2006-2007 Academic Year

Martin Luther King Teach-In January 25, 2007

On Thursday, January 25, students, faculty and staff gathered for a Teach-In to commemorate and reflect upon the legacy of Dr. Martin Luther King. This well-attended event was organized by committee members: Sayjal Waddy '07; CAPAS (Center for Asian Pacific American Students) Director Stephanie Velasco Poserio; IDBS (Intercollegiate Department of Black Studies) Administrative Coordinator Sonya Young; and Sky Shanks '07.

MLK Teach-In
Back Row: Assistant Professor of Sociology and Asian American Studies Kathleen Yep; Professor of Psychology and Black Studies Hal Fairchild; Professor of Sociology and Chicano/a Studies Jose Calderón
Front Row: Sayjal Waddy '07; CAPAS Director Stephanie Velasco Poserio; IDBS Administrative Coordinator Sonya Young; Sky Shanks '07

The featured panelists were Professor of Sociology and Chicano/a Studies Jose Calderón; Assistant Professor of Sociology and Asian American Studies Kathleen Yep; Professor of Psychology and Black Studies Hal Fairchild; and Associate Professor of Sociology and Black Studies Dipa Basu.

President Laura Skandera Trombley

"Martin Luther King's gifts were without peer. In addition to his ministerial work, he was the conscience of a nation and a civil rights leader. He was also an educator and today he continues to teach us. Dr. King teaches us the lessons of hope, of brotherhood, and that we can (and should) aspire to build a world where we are valued for the content of our character. I encourage everyone to find a quiet place and whether they use their ipod, cd, dvd, or cassette deck, take the time to just listen to him speak. He was our country's greatest orator and while he spoke for us all, his gift was he always was speaking directly to you. We need to listen to his message more than ever."

Professor Hal Fairchild

Professor of Psychology and Black Studies Hal Fairchild chronicled milestone speeches and events in the life of Martin Luther King.

Fairchild shared a powerful statement made by King in which he reflected on his accomplishments: "The real victory was what this period did to the psyche of the Black man. We armed ourselves with dignity and self-respect. We straightened our backs up; and a man can’t ride your back unless it’s bent.”

Fairchild spoke of King's questioning of the U.S. war policy in Vietnam in 1965, and in 1967 he began speaking in earnest against that war. He said, "It is my sense that, if King were alive today, he would be an impassioned voice for ending the war in Iraq. If we look at what he said about the Vietnam war, we can see that his sentiments are very apropos for the current conflict in Iraq."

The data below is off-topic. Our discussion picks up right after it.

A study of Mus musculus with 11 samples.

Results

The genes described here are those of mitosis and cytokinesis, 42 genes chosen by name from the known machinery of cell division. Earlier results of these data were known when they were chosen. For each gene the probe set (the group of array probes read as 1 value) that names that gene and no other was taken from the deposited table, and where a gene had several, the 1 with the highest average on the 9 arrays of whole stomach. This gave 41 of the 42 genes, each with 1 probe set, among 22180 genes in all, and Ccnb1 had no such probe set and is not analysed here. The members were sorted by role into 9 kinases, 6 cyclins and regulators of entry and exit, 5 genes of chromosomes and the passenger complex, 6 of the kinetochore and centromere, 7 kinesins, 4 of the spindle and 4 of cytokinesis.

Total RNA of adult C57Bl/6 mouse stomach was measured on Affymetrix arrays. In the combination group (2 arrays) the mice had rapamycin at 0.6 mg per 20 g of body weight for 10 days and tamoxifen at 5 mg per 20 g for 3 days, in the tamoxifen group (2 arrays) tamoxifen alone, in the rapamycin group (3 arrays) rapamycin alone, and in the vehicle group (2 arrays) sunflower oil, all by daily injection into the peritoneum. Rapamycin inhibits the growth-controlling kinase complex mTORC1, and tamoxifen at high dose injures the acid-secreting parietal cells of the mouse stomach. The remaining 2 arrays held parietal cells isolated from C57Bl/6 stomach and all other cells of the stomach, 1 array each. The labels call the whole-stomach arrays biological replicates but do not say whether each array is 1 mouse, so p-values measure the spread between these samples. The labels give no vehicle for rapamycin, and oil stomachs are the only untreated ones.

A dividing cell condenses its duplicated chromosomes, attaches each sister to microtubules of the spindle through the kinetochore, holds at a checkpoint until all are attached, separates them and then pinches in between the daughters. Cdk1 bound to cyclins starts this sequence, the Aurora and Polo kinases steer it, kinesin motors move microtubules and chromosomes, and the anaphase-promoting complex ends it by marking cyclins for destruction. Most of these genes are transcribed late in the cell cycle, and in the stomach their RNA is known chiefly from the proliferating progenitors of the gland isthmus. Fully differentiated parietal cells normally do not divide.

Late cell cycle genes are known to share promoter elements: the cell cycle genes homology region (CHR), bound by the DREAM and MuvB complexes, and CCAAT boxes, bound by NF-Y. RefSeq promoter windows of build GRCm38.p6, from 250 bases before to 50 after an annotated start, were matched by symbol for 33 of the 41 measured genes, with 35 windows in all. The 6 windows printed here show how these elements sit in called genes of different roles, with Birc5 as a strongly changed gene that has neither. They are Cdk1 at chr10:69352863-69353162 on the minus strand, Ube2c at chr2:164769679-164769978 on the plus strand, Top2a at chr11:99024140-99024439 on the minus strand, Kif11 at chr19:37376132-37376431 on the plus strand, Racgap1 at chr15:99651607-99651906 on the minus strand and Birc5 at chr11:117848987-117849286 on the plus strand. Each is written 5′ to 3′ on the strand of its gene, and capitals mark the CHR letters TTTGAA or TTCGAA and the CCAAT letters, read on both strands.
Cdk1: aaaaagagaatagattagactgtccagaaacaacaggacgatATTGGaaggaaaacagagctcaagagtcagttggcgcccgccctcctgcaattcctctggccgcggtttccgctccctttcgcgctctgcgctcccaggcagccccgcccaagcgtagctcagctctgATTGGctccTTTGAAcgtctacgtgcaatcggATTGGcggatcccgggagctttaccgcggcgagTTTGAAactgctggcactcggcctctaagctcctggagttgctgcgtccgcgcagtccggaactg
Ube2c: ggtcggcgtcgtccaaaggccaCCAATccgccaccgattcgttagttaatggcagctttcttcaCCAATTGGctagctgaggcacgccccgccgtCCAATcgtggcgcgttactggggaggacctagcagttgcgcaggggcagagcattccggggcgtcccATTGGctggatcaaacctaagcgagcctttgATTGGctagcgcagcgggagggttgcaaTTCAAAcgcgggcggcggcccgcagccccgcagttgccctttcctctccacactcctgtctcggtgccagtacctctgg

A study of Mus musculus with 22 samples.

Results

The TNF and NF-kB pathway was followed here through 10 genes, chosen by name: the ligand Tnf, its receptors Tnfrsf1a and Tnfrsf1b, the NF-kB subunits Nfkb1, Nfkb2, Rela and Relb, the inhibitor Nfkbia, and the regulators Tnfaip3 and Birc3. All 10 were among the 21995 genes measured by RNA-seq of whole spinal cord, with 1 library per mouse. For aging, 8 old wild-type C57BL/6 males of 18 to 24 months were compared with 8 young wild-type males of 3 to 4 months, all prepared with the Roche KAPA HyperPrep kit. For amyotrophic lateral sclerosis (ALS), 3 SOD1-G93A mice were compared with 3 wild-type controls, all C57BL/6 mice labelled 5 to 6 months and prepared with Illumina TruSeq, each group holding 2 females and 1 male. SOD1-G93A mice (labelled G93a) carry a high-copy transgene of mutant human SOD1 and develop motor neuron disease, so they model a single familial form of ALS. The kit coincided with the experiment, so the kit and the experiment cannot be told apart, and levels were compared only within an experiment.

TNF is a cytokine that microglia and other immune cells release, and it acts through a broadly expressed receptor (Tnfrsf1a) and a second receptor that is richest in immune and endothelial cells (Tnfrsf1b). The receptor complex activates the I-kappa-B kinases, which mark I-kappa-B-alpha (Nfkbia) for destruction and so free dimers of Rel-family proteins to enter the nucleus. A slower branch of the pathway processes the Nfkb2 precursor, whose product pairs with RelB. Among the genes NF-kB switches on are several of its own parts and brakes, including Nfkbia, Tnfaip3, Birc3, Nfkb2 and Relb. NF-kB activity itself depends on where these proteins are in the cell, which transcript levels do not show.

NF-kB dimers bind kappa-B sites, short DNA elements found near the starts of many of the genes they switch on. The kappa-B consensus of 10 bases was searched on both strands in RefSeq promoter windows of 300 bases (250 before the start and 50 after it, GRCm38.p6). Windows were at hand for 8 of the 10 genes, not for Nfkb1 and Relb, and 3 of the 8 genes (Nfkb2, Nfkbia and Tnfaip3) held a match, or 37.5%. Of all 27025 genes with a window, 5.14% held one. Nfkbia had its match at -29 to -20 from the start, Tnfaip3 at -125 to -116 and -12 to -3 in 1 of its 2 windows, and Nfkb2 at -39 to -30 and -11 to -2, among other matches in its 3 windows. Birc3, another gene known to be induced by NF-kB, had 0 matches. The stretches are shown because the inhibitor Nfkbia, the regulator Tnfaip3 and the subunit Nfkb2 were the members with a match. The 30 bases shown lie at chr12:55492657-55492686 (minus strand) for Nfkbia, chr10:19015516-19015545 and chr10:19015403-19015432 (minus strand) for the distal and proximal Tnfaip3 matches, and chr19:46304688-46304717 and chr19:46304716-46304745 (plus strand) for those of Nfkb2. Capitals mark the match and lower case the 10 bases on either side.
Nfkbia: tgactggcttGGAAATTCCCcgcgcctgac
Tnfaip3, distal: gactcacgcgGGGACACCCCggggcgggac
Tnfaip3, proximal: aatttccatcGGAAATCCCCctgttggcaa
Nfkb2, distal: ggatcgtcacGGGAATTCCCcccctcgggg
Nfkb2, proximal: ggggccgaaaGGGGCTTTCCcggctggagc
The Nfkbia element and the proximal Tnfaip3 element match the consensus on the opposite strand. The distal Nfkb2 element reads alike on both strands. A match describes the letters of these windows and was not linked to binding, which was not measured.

Fairchild performed a hip hop rap after concluding his speech as follows, "I suspect that if King were alive today, that he would be influenced by the hip-hop generation, and maybe his theme of using love to combat war would be stated like this."


Professor Kathy Yep

". . . We have inherited a history of different marginalized communities working in solidarity to address the root causes of injustice. In the 1960s, Philip Vera Cruz and Cesar Chavez brought Filipino and Mexican workers together to form the United Farm Workers Organizing Committee. In 2005, Reverend Deborah Lee mobilized Asian American clergy to link race-based civil rights with queer rights in the wake of attacks on gay civil liberties. In 1965, peace activist and Buddhist monk, Thich Nhat Hanh wrote a letter to Dr. Martin Luther King asking him to connect the violence of racism and poverty in the United States with the violence of war in Vietnam. In 1966, Dr. King and Thich Nhat Hanh met in the United States. In 1967, King nominated Thich Nhat Hanh for the Nobel Peace Prize; and several months later, King spoke out against the war in his speech, “Beyond Vietnam,” at the Riverside Church in New York City..."

Professor Jose Calderon

"We are here today to celebrate the life of Dr. Martin Luther King and the legacy he left for all of us of building multi-racial unity – of going beyond divisions to find the common issues and common ground that unites us. I remember when Dr. King passed away and the powerful influence it had in my life. I was at a Jr. College and the way that we responded was with a candlelight march that drew hundreds from every imaginable background. It was those moments that led me to develop principles, which, like MLK, led me to use my life for social change, for the use of non-violence strategies."